8 April 2023
Politics and Economics
Earlier this year I resolved that the majority of my blogs should be positive because there are so many difficulties in the UK and indeed the rest of the world that it's too easy to be negative. However, for this blog I'm going to break that rule but only in the sense of trying to understand some of the problems we face particularly in the UK and what might the solution be.
Everything seems to be broken. The economy is broken; government finances are broken; the National Health Service is broken; the criminal justice system is broken; police forces particularly the Metropolitan Police are broken; the education system is largely broken; the attempts to restrict illegal migration are clearly broken which means that our voting system is broken. The climate is broken; Many of our attempts to manage agriculture in a sustainable way are broken. The list is no doubt endless.
I suspect the majority of people if they were to agree with this assessment would blame the government. That seems to be the standard response because it seems to be the responsibility of the government to manage these things better and to cure the problems and prevent them recurring. Some people might also have a go at the media for stirring things up drawing attention to the problems rather than looking for positive stories. I covered this in my recent blog on Factfulness.
But I have a different view. I am not defending the elected government when I say this and indeed I think their record has been extremely mixed. We have had five conservative prime ministers in the 13 years since 2010. None of them has been able to fix any of these major problems and may have made some of them worse. But I also think that the Civil Service has a great deal of the responsibility for what goes wrong. Then why doesn’t it put it right? They are the permanent civil service and should know how things work and what needs to be done. I have come across numerous examples recently of complaints about them, the most recent being the resignation of a nutrition expert because of the failures to implement issues to address the obesity crisis. When I was born in 1950 1% of the population was considered to be obese. It is now 28% with 60% overall being overweight and that is reckoned to reach 80% in the next few years. That will place an intolerable burden on an already failing National Health Service and may indeed put the country into long term depression.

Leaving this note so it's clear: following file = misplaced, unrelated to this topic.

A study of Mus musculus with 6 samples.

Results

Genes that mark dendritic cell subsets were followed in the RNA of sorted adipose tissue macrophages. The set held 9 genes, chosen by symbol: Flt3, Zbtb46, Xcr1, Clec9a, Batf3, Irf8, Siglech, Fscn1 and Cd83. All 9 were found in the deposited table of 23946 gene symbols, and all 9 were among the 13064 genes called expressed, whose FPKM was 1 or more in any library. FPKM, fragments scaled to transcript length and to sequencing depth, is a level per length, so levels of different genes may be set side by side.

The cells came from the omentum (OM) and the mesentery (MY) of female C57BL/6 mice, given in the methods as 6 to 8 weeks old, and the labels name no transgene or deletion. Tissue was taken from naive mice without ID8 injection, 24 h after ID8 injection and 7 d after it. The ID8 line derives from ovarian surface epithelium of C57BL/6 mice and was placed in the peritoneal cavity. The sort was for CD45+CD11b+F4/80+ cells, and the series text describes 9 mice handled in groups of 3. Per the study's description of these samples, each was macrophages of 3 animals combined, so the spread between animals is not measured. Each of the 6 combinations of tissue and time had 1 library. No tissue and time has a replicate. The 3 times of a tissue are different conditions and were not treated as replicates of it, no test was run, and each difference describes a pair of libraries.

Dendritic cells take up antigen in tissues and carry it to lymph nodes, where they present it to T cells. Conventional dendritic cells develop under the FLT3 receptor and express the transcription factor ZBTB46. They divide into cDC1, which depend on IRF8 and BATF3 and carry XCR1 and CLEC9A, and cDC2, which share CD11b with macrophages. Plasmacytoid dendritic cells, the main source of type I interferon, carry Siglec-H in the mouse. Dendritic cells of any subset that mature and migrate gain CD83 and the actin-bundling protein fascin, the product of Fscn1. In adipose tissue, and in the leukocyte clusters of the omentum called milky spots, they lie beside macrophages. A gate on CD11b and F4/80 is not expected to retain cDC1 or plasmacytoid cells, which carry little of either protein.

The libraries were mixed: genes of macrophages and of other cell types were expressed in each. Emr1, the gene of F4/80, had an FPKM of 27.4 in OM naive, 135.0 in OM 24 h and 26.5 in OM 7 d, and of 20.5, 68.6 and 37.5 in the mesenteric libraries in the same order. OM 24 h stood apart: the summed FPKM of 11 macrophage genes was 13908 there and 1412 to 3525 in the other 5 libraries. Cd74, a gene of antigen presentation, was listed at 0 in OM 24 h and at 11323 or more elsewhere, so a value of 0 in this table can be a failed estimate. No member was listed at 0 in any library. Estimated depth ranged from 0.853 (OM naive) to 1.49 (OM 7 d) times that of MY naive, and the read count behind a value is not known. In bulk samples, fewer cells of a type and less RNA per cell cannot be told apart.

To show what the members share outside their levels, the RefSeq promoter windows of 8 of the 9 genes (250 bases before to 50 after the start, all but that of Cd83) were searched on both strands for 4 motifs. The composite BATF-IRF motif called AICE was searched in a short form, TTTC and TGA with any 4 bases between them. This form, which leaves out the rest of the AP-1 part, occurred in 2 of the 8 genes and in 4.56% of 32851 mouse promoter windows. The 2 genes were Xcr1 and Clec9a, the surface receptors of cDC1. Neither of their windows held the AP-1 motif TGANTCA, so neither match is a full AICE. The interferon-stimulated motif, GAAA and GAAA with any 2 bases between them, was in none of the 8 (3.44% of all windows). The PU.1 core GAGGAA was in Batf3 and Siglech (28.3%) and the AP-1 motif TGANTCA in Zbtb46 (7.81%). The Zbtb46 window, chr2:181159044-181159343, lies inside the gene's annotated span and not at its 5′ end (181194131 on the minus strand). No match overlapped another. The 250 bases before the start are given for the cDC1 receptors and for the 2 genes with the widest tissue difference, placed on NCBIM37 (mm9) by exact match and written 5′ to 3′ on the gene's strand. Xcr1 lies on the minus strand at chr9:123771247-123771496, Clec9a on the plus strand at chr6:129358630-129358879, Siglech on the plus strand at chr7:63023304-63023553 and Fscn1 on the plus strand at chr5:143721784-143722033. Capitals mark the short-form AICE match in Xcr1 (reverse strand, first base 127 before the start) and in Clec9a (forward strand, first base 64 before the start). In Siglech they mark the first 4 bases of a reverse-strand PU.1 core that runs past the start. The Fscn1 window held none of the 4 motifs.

I have some experience on a personal level of having to interact with the public sector and with civil service officials. In one particular job I did for a number of years as chairman of an agency I had interaction with two different departments. In one of these the experience was actually very good as the officials with whom I was interacting had been in their jobs for some considerable time, had great knowledge of the sector with good contacts. They regularly attended trade shows and other events where they could learn from the industrial sector about what the issues were. Their overall impact on this particular sector was very favourable. They were open to new ideas but also understood the best way to get those accepted by their political leadership.
However my experience with the other department was absolutely the opposite of this. None of the people that I dealt with at any level had much experience if any of the sector. Indeed during my time there the most senior person was transferred to a completely different sector to take charge of it but she had no previous experience of it whatsoever. That sector has been in a mess ever since. Their skill seemed to be how to develop policy in such a way that it would be accepted by their leadership and by the relevant minister rather than having a skill in knowing what to do to really make a difference and how to make that happen.
However, few civil servants get fired. Failing politicians have to answer to the electorate and many lose their jobs either as ministers or even as MPs. But then civil servants have jobs for life and very generous pensions that are paid by the tax payer, not derived from investments out of their own income. In the private sector in which I spent most of my career I was always in competition with other companies. If we failed we might have to close and indeed I have had to close some businesses and make people redundant. Nothing like that happens in the public sector. The Treasury may have screwed up the economy but they just carry on. The Home Office may have screwed up the police forces but they just carry on. The Justice Department may have screwed up the courts but they just carry on. Again the list is endless.
If we can’t create competitive market conditions for public services, (which of course we can and they do in some other countries) we could at least bring in accountability. If you screw up you lose your job or at least get demoted or don’t get an automatic pay rise that’s the same for everyone, the good and the hopeless.